The recent Iraqi elections are likely to bring anti-American cleric with the blood of U.S. troops on his hands to power, and U.S. and Iraqi officials are trying as hard as they can not to say anything about it.
Muqtada al-Sadr led an bloody uprising against U.S. forces in 2004, and fighters with Sadr’s Jaysh al-Mahdi militia also used Explosively Formed Penetrators to maim and kill U.S. troops in Iraq. Now, Sadr’s political bloc has won the most political votes in Iraq’s parliamentary elections.
Complicating matters further, the coalition that came in second is led by Hadi al-Amiri, head of an Iranian-backed parliamentary group called “The Badr Organization.”
While facing the very real prospect that Sadr could pick the new Iraqi government, folks at the Pentagon are portraying the elections as the flowering of Iraqi democracy.
“The Iraqi people had an election,” Defense Secretary James Mattis told reporters on May 15. “It’s a democratic process at a time when people – many people – doubted that Iraq could take charge of themselves. So we will wait and see the results – the final results of the election. And we stand with the Iraqi people’s decisions.”
It’s a mantra that is being repeated over and over again by other U.S. and Iraqi officials. Chief Pentagon spokeswoman Dana White said that Iraqi democracy is “thriving, and that's a good thing,” when briefing reporters two days later.
Right now, the United States is waiting for Iraqi politicians to form the coalition that will lead Iraq’s next government, White said. “We look forward to standing with our Iraqi partners as their democracy grows,” she said.
Iraq’s ambassador to the United States called his country’s democratic elections “one of Iraq’s proudest achievements.”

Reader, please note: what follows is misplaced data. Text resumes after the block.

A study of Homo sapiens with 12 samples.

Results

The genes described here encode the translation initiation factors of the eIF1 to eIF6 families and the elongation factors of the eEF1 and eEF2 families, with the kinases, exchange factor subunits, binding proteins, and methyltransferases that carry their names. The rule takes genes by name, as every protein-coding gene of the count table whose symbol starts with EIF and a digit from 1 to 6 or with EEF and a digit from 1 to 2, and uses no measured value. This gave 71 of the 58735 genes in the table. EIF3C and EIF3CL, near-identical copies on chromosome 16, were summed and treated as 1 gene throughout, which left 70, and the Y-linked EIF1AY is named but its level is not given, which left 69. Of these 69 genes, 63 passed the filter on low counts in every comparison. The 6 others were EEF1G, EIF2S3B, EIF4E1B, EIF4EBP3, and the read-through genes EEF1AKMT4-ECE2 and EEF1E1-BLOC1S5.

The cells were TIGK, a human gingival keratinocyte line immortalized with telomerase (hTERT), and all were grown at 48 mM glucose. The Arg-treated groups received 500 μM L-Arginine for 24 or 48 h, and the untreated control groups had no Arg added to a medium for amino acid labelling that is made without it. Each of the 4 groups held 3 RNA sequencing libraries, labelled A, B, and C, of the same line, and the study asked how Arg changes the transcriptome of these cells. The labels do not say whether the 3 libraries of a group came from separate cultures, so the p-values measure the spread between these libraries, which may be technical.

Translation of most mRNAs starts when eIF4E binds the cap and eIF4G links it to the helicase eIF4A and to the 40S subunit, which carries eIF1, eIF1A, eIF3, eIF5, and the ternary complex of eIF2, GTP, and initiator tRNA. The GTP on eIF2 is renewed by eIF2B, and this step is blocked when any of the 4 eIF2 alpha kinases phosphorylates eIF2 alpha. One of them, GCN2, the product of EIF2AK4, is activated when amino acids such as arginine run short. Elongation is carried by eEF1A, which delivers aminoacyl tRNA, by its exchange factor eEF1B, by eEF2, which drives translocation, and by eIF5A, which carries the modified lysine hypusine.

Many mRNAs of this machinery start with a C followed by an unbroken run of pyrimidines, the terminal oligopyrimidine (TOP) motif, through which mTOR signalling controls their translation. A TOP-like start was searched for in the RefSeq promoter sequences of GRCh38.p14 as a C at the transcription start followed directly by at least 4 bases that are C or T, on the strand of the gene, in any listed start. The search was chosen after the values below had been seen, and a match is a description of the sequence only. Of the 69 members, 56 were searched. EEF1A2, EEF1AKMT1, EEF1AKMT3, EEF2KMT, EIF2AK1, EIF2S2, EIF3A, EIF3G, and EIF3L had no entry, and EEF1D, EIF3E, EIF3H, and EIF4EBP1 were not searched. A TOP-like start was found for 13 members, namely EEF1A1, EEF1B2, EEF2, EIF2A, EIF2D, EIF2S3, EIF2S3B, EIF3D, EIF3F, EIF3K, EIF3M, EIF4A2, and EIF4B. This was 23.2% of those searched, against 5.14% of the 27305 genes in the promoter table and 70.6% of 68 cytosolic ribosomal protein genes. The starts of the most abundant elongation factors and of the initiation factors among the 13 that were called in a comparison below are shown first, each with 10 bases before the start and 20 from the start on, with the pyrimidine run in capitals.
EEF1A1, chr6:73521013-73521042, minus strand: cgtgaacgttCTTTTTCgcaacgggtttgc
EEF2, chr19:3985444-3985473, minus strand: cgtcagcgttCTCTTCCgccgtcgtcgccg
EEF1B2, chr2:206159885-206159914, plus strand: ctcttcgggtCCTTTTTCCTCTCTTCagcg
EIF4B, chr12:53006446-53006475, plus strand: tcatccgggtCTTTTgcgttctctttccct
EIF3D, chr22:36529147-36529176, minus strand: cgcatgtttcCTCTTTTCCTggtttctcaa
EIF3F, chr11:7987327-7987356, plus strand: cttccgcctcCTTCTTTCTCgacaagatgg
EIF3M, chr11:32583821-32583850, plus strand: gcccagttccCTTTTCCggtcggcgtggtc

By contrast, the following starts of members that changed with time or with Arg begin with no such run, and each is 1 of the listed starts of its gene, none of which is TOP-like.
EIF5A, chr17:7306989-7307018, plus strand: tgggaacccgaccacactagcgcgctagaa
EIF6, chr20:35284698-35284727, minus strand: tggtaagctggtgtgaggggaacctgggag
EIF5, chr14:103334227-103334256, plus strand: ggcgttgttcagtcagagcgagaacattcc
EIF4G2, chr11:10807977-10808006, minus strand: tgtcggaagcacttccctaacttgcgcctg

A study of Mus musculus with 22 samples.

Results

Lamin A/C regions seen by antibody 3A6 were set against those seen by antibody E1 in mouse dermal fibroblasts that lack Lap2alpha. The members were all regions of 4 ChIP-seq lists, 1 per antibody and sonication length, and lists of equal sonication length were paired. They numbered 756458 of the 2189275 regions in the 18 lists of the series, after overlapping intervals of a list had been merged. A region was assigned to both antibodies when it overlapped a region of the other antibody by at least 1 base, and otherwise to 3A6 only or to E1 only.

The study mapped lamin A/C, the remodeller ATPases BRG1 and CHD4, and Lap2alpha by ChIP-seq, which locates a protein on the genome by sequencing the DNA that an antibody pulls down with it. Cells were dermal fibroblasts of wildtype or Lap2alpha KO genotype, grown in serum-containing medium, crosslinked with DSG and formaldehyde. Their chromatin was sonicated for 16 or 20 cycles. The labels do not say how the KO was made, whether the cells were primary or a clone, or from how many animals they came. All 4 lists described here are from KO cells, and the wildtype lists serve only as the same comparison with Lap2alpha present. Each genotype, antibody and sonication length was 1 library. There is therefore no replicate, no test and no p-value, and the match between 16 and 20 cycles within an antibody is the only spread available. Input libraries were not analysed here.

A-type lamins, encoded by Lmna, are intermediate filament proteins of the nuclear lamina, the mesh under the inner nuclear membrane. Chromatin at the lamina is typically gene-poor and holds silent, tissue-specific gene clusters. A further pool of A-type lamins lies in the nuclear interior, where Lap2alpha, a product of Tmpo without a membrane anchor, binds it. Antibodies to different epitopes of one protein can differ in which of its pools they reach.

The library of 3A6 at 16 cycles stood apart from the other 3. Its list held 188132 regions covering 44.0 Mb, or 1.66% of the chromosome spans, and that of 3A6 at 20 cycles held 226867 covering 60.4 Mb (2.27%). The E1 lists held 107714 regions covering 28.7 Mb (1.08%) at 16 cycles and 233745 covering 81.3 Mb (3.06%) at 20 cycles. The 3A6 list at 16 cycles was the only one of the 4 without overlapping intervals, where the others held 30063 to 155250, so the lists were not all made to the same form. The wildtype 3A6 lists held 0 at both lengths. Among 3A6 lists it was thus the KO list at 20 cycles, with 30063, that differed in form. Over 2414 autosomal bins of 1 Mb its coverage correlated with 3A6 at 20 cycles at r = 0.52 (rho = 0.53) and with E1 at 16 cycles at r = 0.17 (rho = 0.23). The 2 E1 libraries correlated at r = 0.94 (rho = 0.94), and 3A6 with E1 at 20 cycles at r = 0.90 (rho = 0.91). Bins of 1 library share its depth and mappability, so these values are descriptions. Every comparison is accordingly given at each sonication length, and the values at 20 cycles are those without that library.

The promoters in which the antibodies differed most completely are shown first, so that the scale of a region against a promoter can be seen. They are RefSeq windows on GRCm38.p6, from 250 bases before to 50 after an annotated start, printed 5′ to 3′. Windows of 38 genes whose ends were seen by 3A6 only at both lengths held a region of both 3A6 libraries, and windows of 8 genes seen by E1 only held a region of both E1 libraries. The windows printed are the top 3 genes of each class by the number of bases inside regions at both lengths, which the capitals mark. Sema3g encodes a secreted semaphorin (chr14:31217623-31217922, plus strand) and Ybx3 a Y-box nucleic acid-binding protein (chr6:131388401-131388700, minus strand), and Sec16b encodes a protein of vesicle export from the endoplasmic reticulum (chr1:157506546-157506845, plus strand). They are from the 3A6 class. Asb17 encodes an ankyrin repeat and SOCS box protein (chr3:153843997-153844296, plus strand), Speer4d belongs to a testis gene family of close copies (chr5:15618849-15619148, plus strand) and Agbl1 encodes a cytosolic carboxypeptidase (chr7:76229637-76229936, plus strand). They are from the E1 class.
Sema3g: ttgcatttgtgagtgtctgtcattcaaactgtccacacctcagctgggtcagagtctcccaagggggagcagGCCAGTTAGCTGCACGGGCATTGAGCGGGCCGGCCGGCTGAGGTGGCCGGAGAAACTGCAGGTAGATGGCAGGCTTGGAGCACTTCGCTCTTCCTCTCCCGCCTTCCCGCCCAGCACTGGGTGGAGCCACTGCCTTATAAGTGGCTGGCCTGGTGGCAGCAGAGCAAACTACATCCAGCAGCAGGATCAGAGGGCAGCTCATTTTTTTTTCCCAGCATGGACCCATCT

“Iraq successfully managed to have the elections within the constitutional timeframe and a peaceful transition of power for the last 12 years, and this year’s elections is the safest process we’ve had in Iraq,” Fareed Yasseen told Task & Purpose.
So far, the U.S. military’s relationship with Iraq’s armed forces has not been affected by the parliamentary elections, said Army Gen. Joseph Votel, who heads U.S. Central Command.
“The most important thing here is this is the Iraqi people speaking about their future,” Votel told reporters on Friday. “My responsibility as the military commander is that we continue to support the Iraqi security forces as they continue to provide the necessary security as the parliament and these various parties go through the formation of the next government.”
Votel said he is optimistic there will continue to be opportunities for the U.S. and Iraqi militaries to work together. He declined to say how the United States could continue to have a partnership with Iraq if it is led by Sadr’s political bloc, saying questions about policy are outside of his lane. Sadr is know to have ties to Iran and Saudi Arabia.
“My focus is making sure that we stay linked to the Iraqi security forces and that’s what we’re trying to do at this particular point,” Votel said. “I think we have to give the Iraqi political elements the ability to work this out. It usually takes some time to form the government here so I’m not going to try to box anything in by making any predictions or ruling things in or out. That’s not my job.”
Democratic elections do not always bring democratic leaders to power, especially in times of national crisis. The Muslim Brotherhood won in Egypt’s 2012 elections. Hamas was victorious in the 2006 Palestinian legislative elections. Adolf Hitler became Germany’s chancellor as part of a coalition government in 1933.